The cyberpunk short story is coming along well. I got about 6,000 words of it written this weekend. I’m a little uncertain how it’s going to end, but I don’t intend for it to be more than 12,000 words or so.
I can’t claim that it’s a brilliantly original story, but that’s intentional. I have a tendency to get frustrated with stories I read (or movies I watch) in a particular genre, because they’re often almost what I’m looking for, but never quite right. Often, they’ll have one fatal flaw, which mars an otherwise good story. The film I, Robot is a good example. Never mind the fact that it had nothing to do with Isaac Asimov’s short story collection, I, Robot (the screenplay was written first, having nothing to do with Asimov, then somebody decided it should be renamed and tweaked to become an “Asimov” story). It was a well-done mystery concerning robots in the near future. But it had one totally ridiculous element that ruined it: the main character had a ridiculous hate on for robots, based upon a situation that would have made any rational adult realize that robots are coldly logical and can’t act irrationally. Yet, somehow he learned the exact opposite from his experience, and is convinced all robots are psychopaths. It didn’t matter that he later turned out to be (partly) right in his suspicions. It was preposterous that he should think that way, to begin with. And the writers should have fixed that before the film ever went into production.
End of rant.
Anyway, a number of my stories, over the years, have been what I’ve heard described as post-modern stories. That may not be the correct term, but what I’m talking about are stories that distill the essential elements of a genre and try to present a “typical” story, but with a slightly new, more self-aware slant. In most cases, what I’m adding is the idea of a gay central character.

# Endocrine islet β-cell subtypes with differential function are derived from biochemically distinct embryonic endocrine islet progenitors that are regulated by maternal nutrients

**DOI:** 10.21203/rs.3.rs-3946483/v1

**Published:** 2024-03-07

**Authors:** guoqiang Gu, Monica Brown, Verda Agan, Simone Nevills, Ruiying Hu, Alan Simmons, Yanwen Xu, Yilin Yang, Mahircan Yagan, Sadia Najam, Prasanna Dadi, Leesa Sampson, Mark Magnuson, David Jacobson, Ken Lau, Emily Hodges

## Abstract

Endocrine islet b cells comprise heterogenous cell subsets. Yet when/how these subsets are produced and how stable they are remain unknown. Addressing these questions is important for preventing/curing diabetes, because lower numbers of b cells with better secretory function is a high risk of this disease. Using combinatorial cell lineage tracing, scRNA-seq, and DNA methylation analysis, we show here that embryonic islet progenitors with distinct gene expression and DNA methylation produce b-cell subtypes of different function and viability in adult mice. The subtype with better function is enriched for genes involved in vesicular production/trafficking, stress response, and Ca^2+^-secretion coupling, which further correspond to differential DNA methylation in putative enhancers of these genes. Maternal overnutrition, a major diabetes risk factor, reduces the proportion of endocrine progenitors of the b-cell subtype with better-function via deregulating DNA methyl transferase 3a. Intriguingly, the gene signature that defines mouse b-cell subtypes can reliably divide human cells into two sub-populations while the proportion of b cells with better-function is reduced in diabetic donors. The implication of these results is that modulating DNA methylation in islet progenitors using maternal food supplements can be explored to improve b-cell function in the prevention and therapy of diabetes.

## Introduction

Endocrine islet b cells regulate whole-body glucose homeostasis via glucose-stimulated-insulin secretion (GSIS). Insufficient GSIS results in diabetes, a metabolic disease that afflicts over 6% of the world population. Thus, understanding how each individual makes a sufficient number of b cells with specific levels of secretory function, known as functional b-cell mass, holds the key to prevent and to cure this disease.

I’m hardly the only author/filmmaker doing this. I’m seeing it quite a lot, these days. But I try to do it well, and hope I create stories worth reading and films worth watching. I’ve written a gay Victorian Christmas romance, a few gay werewolf stories (which weren’t quite the cliche they are now, back when I wrote them), gay Viking stories, a gay fantasy novel (soon to be a trilogy, I hope) and gay distopian science fiction. Often these stories make heavy use of what are unkindly called “cliches,” but might be more accurately described as “tropes” — the elements that everyone expects to see in these genres.
For a werewolf story, these tropes involve being bitten by a werewolf, the transformation into a wolf form, often phases of the moon being involved and the character attempting to come to terms with this new double life. (Werewolf stories make perfect allegories for repressed sexual impulses — sexual, because the werewolf is generally naked — bursting through the more rational, civilized facade a character wants to present, and therefore they are perfect as an allegory for homosexuality.) Stories which deviate from these tropes too much, in an attempt to be original, are often unsatisfying for fans of the genre. Movies in which the “werewolf” doesn’t actually turn into a wolf are disappointing, and nobody likes it when the transformation scene takes place offscreen.
In Cyberpunk stories, we have a number of tropes, such as the hero jacking into the “matrix” or “grid” and flying around in a 3-D “cyberspace” to hack into corporate computers and steal data. Society is generally a form of corporatism or free market economy run amok, so that corporations have become a law unto themselves and can kill whomever they like in their wars with one another, and anybody who doesn’t work for a corporation is reduced to living in squalor. Again, the element that I’m adding to this is simply that my net-runner is gay and falling in love with the “street samurai” he hires as a bodyguard. However, I haven’t really seen it done before.